Home remodeling is a complex process, but the end results can reap great rewards for the homeowner. When planning a remodel, you may find yourself working with a designer or architect early on in the process. For a variety of reasons, you may later seek the services of a design-build firm. This may even come during the design process. But likely, this decision won’t be made until the actual construction is about to be underway. When you take the design work from a different firm and decide to work with a design-build company, this is known as “bridging.” Is this a good idea, and are there are any potential drawbacks?
Advantages of Bridging with a Design Build Company
Most often, bridging is better known as design-bid-build. Simply put, it means that you have the project designed by one party. Then, before any work gets underway, you bid out the project to another party. On smaller home remodeling projects, this is usually a win. You get to work with an architect or designer you trust. You then ensure you’re getting the best construction crew to finish the job.
If a design-build company is getting involved, their design team can give you a fresh perspective on your project. Perhaps a second look can offer you ideas and design solutions that you may not have considered in the preliminary design. More ideas are always good, but your initial designer or architect will be your voice in the process. This gives you two expert opinions instead of only one.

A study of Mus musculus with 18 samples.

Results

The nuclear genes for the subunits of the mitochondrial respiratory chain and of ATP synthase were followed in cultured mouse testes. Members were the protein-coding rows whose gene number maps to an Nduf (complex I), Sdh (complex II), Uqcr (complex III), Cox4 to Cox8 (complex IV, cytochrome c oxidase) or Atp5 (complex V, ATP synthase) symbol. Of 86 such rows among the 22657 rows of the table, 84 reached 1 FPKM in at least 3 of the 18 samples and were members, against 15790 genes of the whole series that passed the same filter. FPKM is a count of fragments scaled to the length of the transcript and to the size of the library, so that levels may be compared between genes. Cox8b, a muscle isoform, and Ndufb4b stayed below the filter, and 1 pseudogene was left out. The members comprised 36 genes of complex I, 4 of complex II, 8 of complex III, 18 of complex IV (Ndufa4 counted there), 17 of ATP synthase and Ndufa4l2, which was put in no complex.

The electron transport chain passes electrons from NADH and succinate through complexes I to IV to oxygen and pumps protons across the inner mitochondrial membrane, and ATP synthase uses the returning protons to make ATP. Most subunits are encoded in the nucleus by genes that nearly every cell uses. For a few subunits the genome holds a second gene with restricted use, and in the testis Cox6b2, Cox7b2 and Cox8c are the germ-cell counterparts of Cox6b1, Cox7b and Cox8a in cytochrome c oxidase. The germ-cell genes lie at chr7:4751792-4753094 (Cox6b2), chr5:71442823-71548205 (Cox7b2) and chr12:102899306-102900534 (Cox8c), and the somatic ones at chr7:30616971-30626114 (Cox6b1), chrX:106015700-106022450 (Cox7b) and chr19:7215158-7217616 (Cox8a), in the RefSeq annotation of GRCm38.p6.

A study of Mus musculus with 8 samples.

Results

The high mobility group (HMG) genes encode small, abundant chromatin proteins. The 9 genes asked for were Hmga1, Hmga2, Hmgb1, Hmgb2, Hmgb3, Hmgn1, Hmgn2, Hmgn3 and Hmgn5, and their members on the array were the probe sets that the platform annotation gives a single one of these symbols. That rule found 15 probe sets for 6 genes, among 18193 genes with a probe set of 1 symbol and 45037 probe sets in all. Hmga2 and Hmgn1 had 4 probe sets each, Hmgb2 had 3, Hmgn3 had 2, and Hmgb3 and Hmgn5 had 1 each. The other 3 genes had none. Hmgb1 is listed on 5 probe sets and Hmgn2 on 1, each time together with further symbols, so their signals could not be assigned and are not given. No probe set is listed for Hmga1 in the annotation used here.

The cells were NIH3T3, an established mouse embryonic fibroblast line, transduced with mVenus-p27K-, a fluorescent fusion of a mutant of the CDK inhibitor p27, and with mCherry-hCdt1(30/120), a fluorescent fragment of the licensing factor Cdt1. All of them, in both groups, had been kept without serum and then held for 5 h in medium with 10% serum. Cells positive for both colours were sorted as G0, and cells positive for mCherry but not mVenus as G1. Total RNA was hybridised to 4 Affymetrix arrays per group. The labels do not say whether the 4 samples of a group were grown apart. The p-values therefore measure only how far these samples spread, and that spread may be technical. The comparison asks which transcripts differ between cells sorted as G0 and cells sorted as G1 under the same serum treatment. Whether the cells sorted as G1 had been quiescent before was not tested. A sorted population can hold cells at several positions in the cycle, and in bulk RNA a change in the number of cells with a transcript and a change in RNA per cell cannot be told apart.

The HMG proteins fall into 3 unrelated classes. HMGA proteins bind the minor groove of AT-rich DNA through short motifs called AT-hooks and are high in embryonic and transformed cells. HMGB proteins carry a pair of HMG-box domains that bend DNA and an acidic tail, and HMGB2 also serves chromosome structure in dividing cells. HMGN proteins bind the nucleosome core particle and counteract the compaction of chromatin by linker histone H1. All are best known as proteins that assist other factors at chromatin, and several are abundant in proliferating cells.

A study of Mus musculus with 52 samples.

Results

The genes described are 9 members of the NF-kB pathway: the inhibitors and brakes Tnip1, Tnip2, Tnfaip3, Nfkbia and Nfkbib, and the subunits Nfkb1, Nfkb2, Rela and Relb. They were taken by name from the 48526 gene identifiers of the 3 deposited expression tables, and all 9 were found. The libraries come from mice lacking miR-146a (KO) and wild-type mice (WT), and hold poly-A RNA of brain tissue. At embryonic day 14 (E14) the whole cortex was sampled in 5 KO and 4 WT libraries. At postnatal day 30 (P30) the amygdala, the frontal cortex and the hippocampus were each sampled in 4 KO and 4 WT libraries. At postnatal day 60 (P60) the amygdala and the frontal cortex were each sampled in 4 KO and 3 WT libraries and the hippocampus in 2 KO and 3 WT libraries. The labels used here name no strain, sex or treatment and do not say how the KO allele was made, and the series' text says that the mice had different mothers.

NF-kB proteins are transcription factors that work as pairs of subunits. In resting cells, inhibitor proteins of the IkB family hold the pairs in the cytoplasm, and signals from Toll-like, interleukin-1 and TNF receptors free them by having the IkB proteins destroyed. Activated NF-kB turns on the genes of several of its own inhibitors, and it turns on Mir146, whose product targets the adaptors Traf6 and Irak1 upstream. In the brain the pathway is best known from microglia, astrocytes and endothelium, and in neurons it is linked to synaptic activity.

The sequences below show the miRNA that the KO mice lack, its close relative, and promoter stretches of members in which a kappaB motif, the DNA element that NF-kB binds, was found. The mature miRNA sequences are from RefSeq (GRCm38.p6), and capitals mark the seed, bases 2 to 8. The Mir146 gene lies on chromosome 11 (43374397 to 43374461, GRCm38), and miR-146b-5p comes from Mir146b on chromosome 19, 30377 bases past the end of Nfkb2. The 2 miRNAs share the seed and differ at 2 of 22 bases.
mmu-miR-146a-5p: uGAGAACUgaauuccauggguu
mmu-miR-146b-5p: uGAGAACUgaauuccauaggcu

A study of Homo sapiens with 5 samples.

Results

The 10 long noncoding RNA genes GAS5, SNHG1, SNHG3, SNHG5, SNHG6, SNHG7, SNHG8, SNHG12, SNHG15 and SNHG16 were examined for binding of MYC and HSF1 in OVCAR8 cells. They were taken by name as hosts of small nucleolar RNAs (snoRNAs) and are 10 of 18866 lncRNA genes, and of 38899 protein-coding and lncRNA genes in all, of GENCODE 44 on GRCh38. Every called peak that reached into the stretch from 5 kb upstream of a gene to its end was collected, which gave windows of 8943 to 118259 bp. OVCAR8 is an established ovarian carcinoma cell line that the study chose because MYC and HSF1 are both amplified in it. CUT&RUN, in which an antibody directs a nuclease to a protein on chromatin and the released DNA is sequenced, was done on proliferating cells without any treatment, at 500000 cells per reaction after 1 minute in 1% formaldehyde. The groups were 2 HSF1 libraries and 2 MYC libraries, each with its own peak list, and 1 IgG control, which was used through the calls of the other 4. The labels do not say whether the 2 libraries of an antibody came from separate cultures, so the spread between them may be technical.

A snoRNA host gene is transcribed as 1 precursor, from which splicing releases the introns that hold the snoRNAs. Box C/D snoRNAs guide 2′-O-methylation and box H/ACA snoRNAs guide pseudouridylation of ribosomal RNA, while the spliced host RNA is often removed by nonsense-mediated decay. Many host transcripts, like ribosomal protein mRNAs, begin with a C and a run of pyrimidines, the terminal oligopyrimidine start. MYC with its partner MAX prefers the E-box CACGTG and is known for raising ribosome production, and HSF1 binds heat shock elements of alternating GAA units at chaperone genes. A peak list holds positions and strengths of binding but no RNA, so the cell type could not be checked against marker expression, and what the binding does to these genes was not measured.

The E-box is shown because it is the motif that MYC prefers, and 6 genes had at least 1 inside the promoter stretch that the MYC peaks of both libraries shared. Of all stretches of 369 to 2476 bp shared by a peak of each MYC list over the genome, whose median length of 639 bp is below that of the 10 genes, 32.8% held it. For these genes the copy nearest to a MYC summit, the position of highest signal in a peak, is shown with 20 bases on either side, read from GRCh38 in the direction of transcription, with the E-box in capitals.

Also, having an experienced design team on the job helps to smooth out any items that may have been overlooked as construction gets underway. You can have the best design plans, but in execution, it’s always good to have a second look.
Another way that bridging can occur is when the homeowner hires their own construction project manager to oversee the project. In this case, the project manager acts as an agent for the homeowner much like an architect or dedicated design firm would. This offers an extra layer of protection against budget overruns and ensures quality of construction.
Disadvantages of Bridging with Design Build
it’s actually not all that unusual that a homeowner may want their own outside designer and architect in the beginning. It’s not uncommon to plan out the preliminaries of a project before entering a contract with a design-build company. However, typically, design-build firms like to keep design and construction work all in house. They like to be a one-stop shop. When you bring in an outside influence, the communication necessarily becomes more complicated.
Still, most design-build firms can bridge well enough to make the transition seamless. You just need to be sure that the firm you decide to work with is well versed in the construction methods and materials involved in your specific project. Really, though, the major disadvantage of bridging is that the project simply takes more time. Because there is an additional step of including the original design team, take-offs and approvals will simply take more time.
Overall, if you design to use the design-bid-build process, otherwise known as “bridging,” you can have a better guarantee of keeping your project on budget and having a high quality of finished product.